April 25, 2011

This week’s musing asks…

Do the members of your family read? Do you think it was passed down to you? ((or, if you want you can answer this: Who do you think influenced you as a reader?))

Family snapshot #1: My parents and I are on vacation. Family trip to London. Yes, we go sightseeing, and gawk at The Tower of London, the British Museum, and ride on a double decker bus. We eat actual fish and chips! However, an even bigger delight, and highlight of the trip, is our visit to Waterstone’s, Daunt’s and Hatchard’s. We even bring a spare travel bag to stuff with the bookish delights of authors we can’t find in the U.S.

A similar scene occurs on family trips to Scotland. Hit the city, shake off the jet lag… and it’s time to find some good books!

Family snapshot #2: The beach. It doesn’t matter which beach. The point is, we’re all on vacation, surrounded by sunshine, surf and scenery. And we’re all reading in the shade. (In between bouts of frolicking, snorkeling and various other vacation pursuits.) Tan lines may occur, but often in the diagonal shape of the book we’re holding.

Family snapshot #3 Christmas. Lots and lots of rectangular packages under the Christmas tree. Boxing day is not so much a boxing day… as a reading day.

So yes. We read a lot.

3 Comments leave one →
  1. Amy permalink
    April 25, 2011 8:30 am

    voraciously. My parents aren’t necessarily huge readers, but my mother is mildly addicted to autobiographies, and my father reads a fair amount of nonfiction and spy novels. And my father’s mother is a retired English teacher, who believed that good books make good children. Certainly, my parents made sure I learned to read very early, and they read to me often. Pop believed Edgar Allen Poe, Robert Service, and George Orwell were good bedtime reading for his daughters. (I blame most of my weirdness on this.) My mother preferred Little Women and Little House on the Prairie and Anne of Green Gables and the occasional biography (usually of famous women). I was ripping through some simple children’s lit on my own by the time I hit first grade. Rather than having me skip a grade or two, the teachers decided just to let me read whatever I wanted to during time normally spent on teaching the alphabet and sounding out words. When I turned 10, my parents gave me a copy of Look Homeward Angel, which I didn’t finish until about 6 years later. Instead, I spent several years raiding my eldest sister’s prodigious collection of scifi and fantasy. She now teaches Southern lit. Small wonder I married a book-hoarder. My other sisters aren’t such voracious readers, but one loves Tolstoy and the other Roald Dahl; so they have good taste.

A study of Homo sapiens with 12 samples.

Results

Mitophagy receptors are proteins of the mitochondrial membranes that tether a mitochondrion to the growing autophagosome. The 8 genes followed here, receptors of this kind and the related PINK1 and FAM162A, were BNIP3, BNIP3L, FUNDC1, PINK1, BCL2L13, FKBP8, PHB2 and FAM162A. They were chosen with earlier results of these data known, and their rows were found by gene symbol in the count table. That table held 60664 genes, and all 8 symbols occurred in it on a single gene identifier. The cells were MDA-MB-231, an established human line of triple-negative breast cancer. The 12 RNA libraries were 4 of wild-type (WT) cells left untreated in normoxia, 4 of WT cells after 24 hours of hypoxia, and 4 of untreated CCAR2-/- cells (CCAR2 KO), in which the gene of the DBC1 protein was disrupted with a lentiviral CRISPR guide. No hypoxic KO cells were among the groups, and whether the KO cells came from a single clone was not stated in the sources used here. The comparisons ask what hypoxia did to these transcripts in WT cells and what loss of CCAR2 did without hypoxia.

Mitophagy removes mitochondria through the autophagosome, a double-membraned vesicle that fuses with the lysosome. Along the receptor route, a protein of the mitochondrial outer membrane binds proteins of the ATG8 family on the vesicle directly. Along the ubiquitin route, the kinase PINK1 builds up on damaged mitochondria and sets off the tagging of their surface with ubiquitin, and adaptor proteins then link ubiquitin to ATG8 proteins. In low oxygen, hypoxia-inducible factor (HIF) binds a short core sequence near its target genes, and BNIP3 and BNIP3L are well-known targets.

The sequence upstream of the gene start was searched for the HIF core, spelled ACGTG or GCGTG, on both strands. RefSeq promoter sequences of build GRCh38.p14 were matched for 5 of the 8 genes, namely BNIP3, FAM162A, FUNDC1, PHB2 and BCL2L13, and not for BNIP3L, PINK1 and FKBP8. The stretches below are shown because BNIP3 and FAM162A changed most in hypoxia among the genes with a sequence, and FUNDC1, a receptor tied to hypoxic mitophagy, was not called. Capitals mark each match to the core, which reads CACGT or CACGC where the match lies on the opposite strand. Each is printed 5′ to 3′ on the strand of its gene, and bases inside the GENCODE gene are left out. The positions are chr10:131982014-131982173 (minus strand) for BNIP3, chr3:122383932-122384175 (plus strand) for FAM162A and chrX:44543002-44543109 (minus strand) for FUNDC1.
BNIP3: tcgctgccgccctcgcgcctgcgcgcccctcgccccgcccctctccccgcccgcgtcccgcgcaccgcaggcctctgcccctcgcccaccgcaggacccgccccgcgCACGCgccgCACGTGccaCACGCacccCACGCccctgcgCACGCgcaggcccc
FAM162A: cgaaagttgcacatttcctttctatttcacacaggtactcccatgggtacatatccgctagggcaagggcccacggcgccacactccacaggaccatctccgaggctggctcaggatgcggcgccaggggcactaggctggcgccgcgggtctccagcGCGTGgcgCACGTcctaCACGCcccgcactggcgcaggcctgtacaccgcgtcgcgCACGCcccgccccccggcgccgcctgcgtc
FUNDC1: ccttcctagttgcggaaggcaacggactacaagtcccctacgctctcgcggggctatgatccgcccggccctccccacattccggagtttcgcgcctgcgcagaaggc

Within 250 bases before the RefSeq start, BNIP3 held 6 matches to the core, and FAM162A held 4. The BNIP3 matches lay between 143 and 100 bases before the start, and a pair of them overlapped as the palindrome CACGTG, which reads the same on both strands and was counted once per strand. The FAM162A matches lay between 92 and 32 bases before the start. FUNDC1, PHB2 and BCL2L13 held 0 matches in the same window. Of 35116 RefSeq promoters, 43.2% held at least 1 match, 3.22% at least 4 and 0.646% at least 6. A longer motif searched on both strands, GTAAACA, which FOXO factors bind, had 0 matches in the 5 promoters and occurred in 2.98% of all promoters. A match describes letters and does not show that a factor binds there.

It’s so rare to get all of my family together these days that we don’t spend a great deal of time sitting around reading together anymore. But most of us carry books with us everywhere. So, the post-Thanksgiving dinner coma is likely to be enjoyed over mystery novels and basketball. And in between surfing and sandcastles, there is usually some quality time with Clyde Edgerton or David Sedaris. And when my grandmother was in the hospital, we put together a reading for her of Much Ado About Nothing. I insisted on playing Dogberry, natch.

  2. April 25, 2011 1:44 pm

    Love the memories! I have some too, mostly of my dad reading Westerns!

    Here’s My Musing

  3. April 25, 2011 1:52 pm

    lol . That a great picture. When my husband and I travel I always point out the bookstores or libraries. I travel to Ireland with him and my favorite spot a 3 story antique bookstore! Loved that place even if it was cramped!